Safety 2014 Opening General Session Covers Habit Formation in the Workplace
Charles Duhigg's presentation for Safety 2014 covers habit forming in the workplace and how getting a grasp on bad habits can improve one's work environment.
ORLANDO - ASSE's conference, Safety 2014, kicked off Monday with a presentation from New York Times staff writer and Pulitzer Prize winner Charles Duhigg. His presentation, "The Power of Habit," explored the science behind habit formation and how understanding everyday habits can help companies improve their workers‚ overall health and safety.
Duhigg started his presentation by discussing the neurology behind habit formation and how daily safety compliance can affect how happy and healthy people are. He pointed out that those who sit for a stretch of 45 minutes have a declining working memory. Standing for just 15 minutes can improve and jumpstart that memory. In addition, Duhigg pointed out that 40-45% of our daily activities are habits - when these habits occur, there is a "valley" in our thinking and our brains essentially turn off.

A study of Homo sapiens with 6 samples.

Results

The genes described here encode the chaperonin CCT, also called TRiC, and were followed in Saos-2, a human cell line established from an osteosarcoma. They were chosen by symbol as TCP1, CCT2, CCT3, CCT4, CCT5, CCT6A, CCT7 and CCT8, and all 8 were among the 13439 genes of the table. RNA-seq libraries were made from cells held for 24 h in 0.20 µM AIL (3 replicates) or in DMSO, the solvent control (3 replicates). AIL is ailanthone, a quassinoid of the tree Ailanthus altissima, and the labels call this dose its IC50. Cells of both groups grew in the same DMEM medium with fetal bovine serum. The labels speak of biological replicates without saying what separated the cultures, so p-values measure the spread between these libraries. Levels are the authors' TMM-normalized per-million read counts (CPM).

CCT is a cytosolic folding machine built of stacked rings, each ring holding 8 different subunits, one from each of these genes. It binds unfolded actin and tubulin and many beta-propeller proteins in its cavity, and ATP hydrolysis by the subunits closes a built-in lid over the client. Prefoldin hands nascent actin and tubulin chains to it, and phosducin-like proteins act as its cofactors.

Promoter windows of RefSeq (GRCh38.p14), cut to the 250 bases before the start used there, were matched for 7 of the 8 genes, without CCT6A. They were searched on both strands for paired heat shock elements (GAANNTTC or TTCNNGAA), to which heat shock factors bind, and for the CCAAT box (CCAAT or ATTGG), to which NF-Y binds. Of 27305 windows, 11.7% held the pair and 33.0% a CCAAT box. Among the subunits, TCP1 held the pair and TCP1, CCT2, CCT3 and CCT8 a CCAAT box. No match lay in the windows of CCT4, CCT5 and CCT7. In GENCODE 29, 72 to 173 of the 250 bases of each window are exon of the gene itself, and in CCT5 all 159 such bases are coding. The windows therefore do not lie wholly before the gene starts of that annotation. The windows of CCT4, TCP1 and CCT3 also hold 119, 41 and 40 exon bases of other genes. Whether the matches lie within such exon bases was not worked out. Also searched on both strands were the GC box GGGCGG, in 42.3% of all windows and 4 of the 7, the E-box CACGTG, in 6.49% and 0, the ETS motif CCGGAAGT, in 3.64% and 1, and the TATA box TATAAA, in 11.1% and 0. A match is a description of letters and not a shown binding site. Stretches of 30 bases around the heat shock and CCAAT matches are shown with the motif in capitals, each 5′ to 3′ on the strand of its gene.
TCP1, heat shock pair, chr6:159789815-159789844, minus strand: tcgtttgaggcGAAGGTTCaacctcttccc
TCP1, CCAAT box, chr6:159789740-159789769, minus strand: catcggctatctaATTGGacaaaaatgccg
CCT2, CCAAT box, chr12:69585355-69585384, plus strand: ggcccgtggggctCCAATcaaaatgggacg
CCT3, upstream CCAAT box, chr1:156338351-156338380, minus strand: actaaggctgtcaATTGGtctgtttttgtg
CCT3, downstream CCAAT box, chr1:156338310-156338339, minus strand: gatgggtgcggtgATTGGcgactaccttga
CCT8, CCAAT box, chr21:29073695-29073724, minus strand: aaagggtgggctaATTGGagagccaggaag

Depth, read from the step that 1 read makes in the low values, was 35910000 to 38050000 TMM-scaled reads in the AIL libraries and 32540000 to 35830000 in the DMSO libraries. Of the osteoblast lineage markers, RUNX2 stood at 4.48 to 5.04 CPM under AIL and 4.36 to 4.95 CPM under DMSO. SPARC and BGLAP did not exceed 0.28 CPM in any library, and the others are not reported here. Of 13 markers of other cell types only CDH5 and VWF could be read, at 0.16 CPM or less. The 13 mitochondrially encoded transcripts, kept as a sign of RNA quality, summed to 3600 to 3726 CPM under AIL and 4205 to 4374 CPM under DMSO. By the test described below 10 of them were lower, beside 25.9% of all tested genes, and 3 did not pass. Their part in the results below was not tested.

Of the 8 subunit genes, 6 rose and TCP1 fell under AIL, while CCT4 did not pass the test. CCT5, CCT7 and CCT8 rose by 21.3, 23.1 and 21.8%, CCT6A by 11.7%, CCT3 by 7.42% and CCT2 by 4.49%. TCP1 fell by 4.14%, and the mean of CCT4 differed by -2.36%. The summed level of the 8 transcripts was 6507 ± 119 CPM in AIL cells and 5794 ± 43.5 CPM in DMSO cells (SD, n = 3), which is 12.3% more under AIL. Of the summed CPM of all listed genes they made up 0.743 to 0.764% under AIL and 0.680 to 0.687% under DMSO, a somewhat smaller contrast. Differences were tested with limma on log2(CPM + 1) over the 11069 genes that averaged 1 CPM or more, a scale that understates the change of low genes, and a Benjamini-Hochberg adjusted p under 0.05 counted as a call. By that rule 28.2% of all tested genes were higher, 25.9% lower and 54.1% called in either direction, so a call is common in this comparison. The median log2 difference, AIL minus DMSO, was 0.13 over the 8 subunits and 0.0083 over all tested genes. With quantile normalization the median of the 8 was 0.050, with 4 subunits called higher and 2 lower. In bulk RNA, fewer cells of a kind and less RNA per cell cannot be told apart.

Duhigg then pointed out that some habits matter more than others. For example, exercise. Those who exercise are less likely to eat unhealthily, procrastinate and spend money excessively. He used anecdotes from various companies - including Starbucks, the London Underground and Alcoa - to address the concept of habit formation and how it can be either detrimental or beneficial to employee health and safety.
One point that Duhigg stressed was the importance of having rewards for good performance that employees are actually going to value˜ones that deliver an emotional payoff. He also stressed the importance of the need to piggyback on existing habits instead of trying to change them completely, as many „bad‰ habits exist for good reasons until an unexpected consequence occurs.
Duhigg concluded his presentation by discussing willpower and the connection between those with strong willpower and their success in life. Teaching employees willpower and making it a habit can in turn help people succeed. He also pointed out that companies can truly help improve the health and safety of their employees by finding what type of change seems the most frightening at their organization and then acting upon that change.